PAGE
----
My son was still an infant when I co-founded our community youth lacrosse club so I started coaching at the U15 boys division where expectations were highest among families trying lacrosse for the first time. I had the most lacrosse playing experience among the coaches in the club at the timeand was the only coach who had played in college.
I remained there until my son turned 5 and I dropped down to coach the U7 division, and I was following him up through the ranks for a few years until this season. In the years since I had dropped down to the younger levels to coach, I thought things were fine where I had left them with coaches standardization having been implemented and coaches stepping up to volunteer and take the initiative to get US Lacrosse certified. What I did not realize was that, with our club beginning to compete increasingly well and make a name for ourselves, some parents and players in the older divisions were beginning to feel that the coaches that were nevertheless dedicated and committed; lacked ability to take the player to the next level of truly elite competitive youth lacrosse.
Some of that criticism I thought may have been legitimate, but I assumed that the lian’s share of it was fed by a for profit club that formed to the south of us that was promising Division I scholarships if kids played for them (those for profits offering the promised land almost always inevitably show up at some point). With a few parents/players having drank enough of the Kool-Aide to jump ship for that club, I decided to jump back up to coach the elite upper middle school division of our Venom Elite program. My son is still 8 years of age and not yet eligible for elite tournament play (Venom Elite starts at U11), so I am still able to coach his and my 6 years daughter’s respective rec teams.
I thought at first I was doing this more for the perception that my lacrosse background brought to the Venom Elite team, but then one of my assistant coaches who had not played but learned to coach lacrosse through the years in our club who did not play lacrosse, shared something with me recently. He told me that when it was decided that I was to move up to take over the Venom Elite team, while he understood the necessary perception that it brought to the team and the club, he could not help but take some offense for the dismissal of the value that he and other dedicated volunteers brought to the boys at this stage in their lacrosse coaching careers. He also had never really coached along side me.
He told me that the very first day of practice, he realized that the parents had a point. He told me that he was grateful that I had moved up, not just for the sake of the club, but he realized that my ability to demonstrate skills and schemes, make set changes on the fly, manage the game, and recognize mismatches was more valuable than anything he had seen in the club to date; with his 3 years of coaching experience having occurred while I was coaching exclusively in the younger divisions.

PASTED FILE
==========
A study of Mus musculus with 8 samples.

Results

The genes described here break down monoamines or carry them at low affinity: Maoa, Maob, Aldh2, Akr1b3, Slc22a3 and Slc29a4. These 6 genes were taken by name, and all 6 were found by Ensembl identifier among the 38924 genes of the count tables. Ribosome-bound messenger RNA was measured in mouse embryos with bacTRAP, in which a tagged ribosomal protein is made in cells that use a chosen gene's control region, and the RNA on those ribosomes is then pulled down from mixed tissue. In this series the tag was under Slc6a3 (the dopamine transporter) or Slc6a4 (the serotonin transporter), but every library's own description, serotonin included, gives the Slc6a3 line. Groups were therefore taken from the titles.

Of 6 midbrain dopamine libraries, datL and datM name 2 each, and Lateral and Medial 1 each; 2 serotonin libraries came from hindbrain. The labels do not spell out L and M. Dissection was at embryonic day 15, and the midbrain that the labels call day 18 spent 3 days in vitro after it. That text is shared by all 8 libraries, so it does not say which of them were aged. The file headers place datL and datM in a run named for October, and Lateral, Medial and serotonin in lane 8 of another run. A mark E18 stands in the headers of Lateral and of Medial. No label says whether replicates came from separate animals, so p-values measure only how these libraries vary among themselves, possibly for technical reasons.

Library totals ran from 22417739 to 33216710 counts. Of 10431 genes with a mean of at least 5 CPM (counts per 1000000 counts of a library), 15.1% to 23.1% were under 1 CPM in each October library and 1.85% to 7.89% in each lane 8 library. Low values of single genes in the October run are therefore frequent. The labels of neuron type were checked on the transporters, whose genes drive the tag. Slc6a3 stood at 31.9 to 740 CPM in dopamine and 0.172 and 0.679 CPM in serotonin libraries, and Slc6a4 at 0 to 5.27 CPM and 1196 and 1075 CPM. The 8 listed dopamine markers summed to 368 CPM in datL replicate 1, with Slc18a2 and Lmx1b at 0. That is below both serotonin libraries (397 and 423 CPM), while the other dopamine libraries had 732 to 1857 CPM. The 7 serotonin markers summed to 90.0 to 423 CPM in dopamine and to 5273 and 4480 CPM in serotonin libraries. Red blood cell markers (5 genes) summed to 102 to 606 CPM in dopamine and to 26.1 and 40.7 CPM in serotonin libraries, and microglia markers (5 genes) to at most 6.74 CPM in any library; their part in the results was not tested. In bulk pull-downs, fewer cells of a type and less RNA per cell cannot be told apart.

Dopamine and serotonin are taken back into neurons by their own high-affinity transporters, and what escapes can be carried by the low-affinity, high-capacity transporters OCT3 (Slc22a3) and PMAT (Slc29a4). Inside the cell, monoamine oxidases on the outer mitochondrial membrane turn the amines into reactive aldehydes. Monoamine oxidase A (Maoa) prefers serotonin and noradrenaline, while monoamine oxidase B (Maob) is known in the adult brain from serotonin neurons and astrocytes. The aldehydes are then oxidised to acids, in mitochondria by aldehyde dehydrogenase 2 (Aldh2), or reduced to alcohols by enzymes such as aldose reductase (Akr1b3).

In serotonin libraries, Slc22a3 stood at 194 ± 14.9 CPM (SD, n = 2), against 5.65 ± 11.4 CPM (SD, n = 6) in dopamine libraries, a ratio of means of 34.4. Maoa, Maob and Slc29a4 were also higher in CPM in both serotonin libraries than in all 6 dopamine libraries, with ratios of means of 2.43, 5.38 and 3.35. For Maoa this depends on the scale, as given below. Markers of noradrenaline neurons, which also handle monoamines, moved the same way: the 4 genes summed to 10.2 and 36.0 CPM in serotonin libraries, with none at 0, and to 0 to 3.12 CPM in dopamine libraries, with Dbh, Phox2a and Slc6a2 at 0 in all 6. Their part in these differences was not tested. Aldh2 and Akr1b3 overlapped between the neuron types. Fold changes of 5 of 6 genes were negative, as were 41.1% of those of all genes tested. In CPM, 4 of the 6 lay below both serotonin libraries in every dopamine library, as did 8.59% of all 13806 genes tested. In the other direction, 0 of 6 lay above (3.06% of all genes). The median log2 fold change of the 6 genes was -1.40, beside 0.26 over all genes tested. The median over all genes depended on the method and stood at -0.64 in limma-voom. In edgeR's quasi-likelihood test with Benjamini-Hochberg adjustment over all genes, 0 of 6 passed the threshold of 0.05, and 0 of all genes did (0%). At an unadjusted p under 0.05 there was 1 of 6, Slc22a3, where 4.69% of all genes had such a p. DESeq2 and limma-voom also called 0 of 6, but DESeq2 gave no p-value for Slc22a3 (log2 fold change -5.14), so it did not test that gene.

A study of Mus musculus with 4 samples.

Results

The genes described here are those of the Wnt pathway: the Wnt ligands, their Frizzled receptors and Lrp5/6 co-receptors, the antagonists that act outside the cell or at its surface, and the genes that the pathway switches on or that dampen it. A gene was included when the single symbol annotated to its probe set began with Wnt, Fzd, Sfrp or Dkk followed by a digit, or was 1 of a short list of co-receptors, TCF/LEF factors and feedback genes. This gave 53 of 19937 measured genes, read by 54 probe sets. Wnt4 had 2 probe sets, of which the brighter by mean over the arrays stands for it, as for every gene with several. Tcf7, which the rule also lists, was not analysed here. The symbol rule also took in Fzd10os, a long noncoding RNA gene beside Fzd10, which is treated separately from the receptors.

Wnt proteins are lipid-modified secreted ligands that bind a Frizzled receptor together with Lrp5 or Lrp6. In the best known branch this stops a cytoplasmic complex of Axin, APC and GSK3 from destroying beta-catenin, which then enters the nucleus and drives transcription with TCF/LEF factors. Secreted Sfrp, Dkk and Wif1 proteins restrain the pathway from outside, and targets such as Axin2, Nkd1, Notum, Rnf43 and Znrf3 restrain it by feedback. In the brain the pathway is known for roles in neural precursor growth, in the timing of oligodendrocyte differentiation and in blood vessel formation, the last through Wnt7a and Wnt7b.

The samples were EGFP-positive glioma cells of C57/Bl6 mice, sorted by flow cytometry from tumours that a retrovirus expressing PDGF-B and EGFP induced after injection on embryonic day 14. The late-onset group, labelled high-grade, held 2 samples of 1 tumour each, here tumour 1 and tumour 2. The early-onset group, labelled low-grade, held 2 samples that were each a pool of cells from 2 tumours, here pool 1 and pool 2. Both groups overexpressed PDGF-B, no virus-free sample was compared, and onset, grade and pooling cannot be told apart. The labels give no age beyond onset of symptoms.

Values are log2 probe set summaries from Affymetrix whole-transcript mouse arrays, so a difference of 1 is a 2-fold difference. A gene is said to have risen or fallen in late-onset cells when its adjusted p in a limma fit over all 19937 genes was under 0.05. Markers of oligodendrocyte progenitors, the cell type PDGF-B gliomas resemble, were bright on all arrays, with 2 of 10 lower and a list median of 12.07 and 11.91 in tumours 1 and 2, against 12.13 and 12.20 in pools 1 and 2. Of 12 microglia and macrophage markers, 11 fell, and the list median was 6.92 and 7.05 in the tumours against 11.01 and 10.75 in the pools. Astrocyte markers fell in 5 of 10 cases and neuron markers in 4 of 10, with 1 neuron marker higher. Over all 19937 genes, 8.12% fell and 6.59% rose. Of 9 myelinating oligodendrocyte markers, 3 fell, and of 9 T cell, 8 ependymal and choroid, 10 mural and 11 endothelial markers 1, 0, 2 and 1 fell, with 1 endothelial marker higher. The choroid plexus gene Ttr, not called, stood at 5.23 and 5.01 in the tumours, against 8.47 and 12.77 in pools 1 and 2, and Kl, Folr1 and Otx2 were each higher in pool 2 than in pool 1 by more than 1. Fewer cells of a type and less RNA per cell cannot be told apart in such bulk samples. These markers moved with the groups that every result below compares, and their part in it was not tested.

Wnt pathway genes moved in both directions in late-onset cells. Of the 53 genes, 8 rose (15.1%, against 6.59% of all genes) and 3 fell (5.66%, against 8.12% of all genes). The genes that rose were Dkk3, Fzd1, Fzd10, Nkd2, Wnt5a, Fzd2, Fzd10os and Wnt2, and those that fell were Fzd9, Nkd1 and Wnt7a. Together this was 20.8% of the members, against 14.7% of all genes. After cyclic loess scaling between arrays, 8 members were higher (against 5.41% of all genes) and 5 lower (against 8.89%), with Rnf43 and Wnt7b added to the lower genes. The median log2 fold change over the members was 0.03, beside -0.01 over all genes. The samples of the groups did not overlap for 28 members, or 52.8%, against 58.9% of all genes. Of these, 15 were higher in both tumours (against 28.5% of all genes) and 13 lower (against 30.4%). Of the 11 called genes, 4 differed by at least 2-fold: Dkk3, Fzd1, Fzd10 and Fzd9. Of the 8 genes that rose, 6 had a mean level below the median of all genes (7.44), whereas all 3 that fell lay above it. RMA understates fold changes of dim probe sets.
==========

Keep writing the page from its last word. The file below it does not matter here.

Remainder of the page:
I really appreciated this feedback because I did honestly did not know myself that there was such a difference. My perspective came from my experience learning from and working with college and professional lacrosse legends that put on summer Pro Camps for us here in Central Florida. When I watch guys like Brian Megill, Ray Megill, Marcus Holman, and Kyle Hartzell in action as they teach and demonstrate skills and schemes I feel truly grateful to have a front row seat for the best coaching I have ever experienced. I learn new concepts every time they come.
Coaches to be sure need to be confident. If they are not confident in what they are attempting to get their team to buy into, the players will lack confidence in the coach. Even kids can very easily sniff out uncertainty and reluctance.
However, ALL coaches must be open to other points of view and new ways of doing things, especially when it is coming from coaches that have played and coached at a higher level than they have. But humility does not necessarily have to come from a highly experienced coach. I regularly get valuable feedback from my assistant coaches including the gentleman I discussed in this article. Sometimes we can get caught up in within our systems where we may not notice a particular wrinkle that someone observing from the outside in may notice.
Confidence, open mind, and humility comprise the ultimate journey coaches must walk to be successful, inspiring, and to honor the game. As in all other aspects of life, the day we think we know it all and stop learning, is the day it is time to hang up our whistles and move on.
Dr. Roger Welton is a practicing veterinarian and well regarded media personality through a number of tpics and platforms. In addition to being passionate about integrative veterinary medicine for which he is a nationally renowned expert, Dr. Welton was also an accomplished college lacrosse player and remains to this day very involved in the sport. He is president of Maybeck Animal Hospital , runs the successful veterinary/animal health blogs Web-DVM and Dr. Roger’s Holistic Veterinary Care, and fulfills his passion for lacrosse through his lacrosse and sport blog, The Creator’s Game.